FIFA president Gianni Infantino has ambitious plans to expand the tournament from 2021 onwards, staging it every four years rather than annually and increasing the number of teams from seven to 24.
Those plans have yet to be approved by the FIFA Council and in the meantime, it is uncertain if the tournament - which this year will be staged in the United Arab Emirates in December - will continue its current form in 2019 and 2020.
Only four of this year's participants were known on Tuesday with the Asian, African and South American club championships all at the quarter-final stage.
Oceania champions Team Wellington will meet Al Ain, champions of the host nation, in a preliminary match for the right to play the African champions in the second round.
The winners of that game will face South America's Libertadores Cup champions.
Guadalajara, the champions of CONCACAF, were drawn against the Asian champions in the other of the two second-round ties with a match against Real Madrid as the prize.
The competition has been dominated by European teams since it was re-launched in its current form in 2005, reflecting the fact the best South American and African players are based in Europe rather than their own continents.
Although it is often felt that European sides regard the cup as little more than an exotic mid-season diversion, it creates huge interest in South America where fans long for the chance for their team to appear on the world stage.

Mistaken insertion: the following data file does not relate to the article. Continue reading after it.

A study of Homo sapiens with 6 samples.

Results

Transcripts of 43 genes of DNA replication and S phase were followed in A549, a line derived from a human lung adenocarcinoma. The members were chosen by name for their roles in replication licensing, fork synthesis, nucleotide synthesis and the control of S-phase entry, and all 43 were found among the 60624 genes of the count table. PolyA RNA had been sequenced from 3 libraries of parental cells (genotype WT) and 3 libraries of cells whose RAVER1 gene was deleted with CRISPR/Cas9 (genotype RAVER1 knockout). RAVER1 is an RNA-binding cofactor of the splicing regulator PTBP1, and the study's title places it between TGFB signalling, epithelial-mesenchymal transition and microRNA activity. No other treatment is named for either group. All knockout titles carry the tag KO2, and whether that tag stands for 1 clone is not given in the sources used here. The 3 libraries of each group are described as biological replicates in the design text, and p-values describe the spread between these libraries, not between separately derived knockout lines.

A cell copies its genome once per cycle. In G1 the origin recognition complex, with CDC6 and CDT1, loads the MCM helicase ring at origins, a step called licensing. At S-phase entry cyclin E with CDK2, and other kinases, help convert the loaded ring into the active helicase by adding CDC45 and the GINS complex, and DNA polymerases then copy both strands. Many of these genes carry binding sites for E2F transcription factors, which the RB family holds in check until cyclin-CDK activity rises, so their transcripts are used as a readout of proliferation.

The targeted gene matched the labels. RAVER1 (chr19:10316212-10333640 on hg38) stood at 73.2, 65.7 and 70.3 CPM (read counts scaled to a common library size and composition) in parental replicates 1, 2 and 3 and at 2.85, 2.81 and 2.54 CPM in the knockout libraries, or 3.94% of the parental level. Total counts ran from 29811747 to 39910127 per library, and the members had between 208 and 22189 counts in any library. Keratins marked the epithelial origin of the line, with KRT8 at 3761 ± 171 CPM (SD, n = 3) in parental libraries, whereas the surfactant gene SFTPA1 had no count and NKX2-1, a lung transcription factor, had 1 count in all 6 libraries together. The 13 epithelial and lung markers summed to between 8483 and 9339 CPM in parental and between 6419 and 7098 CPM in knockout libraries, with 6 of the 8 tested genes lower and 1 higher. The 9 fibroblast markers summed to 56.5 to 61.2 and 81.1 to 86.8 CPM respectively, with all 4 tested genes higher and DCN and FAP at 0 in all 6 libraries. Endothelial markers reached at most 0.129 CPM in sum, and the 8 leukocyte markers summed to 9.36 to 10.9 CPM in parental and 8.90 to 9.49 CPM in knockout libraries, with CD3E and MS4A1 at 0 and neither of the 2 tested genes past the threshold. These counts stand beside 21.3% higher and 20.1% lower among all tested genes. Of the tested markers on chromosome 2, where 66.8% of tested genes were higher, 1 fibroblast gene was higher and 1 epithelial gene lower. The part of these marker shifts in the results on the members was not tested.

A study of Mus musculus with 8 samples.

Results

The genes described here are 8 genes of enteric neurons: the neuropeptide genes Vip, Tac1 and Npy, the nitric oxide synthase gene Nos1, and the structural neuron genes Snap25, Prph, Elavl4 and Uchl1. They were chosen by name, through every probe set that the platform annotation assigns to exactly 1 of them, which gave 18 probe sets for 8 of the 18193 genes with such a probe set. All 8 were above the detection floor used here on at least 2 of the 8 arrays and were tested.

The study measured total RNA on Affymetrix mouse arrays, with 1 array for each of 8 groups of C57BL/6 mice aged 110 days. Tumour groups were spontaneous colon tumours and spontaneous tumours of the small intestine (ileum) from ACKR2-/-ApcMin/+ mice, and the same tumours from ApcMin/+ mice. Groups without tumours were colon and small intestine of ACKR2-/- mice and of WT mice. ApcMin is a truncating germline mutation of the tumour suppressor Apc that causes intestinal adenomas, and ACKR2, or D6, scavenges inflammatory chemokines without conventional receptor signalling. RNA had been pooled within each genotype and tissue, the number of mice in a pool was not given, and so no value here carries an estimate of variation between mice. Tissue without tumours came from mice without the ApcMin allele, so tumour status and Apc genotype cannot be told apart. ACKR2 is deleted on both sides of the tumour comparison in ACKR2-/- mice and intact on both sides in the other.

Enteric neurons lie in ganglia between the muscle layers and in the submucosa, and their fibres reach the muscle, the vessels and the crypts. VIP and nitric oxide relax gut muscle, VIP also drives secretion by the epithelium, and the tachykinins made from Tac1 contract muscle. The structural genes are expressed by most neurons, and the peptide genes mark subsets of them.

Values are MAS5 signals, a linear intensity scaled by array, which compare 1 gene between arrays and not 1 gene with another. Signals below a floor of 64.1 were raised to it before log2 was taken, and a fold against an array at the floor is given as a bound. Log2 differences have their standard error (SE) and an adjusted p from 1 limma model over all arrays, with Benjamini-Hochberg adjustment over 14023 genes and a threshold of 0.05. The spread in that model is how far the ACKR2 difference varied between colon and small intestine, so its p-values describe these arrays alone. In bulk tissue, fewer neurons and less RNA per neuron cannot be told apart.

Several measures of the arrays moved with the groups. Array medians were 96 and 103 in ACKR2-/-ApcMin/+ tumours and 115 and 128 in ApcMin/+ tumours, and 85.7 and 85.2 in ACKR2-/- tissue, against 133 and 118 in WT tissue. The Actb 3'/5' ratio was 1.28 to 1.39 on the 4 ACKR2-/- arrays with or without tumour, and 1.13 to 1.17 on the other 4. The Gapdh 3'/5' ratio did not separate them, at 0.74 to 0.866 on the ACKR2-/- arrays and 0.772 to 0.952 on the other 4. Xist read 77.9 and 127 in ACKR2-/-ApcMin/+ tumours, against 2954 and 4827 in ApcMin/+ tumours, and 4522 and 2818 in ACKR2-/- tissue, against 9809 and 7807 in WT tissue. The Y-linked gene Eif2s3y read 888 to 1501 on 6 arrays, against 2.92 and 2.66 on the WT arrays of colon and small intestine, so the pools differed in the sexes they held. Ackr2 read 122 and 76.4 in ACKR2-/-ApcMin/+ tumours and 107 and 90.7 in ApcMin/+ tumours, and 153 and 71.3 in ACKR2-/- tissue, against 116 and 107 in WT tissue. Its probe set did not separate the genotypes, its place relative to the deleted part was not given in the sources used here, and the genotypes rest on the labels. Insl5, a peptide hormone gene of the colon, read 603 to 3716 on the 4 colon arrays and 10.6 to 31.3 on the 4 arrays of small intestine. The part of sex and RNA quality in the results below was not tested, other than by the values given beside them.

Real Madrid’s Cristiano Ronaldo and team mates celebrate winning the FIFA Club World Cup

Image credit: Reuters

Real Madrid director Emilio Butragueno dismissed any suggestion it would be a walkover for his team.
"It's never win easy to win any tournament, that's the truth," he told Reuters.
"Obviously, we have every confidence in our players but last year, the final was very even and the semi-finals were very difficult," he said, remembering a 2-1 win over Al-Jazira in the semi-final and 1-0 win over Gremio in the final.
"Our opponents are always very highly motivated. They are young players who see this tournament as a chance to get themselves known around the world."
Former Argentina midfielder Esteban Cambiasso, who took part in the draw, said that South America could benefit after moving the Libertadores final from June to November.
"It means it will be the same team which won the Libertadores," he told Reuters. "In the past, with a longer gap, and with a transfer window in the middle, players left and the team which played in the Club World Cup was not the same one which won the Libertadores.
"Now this has changed and, for the South Americans, this is better."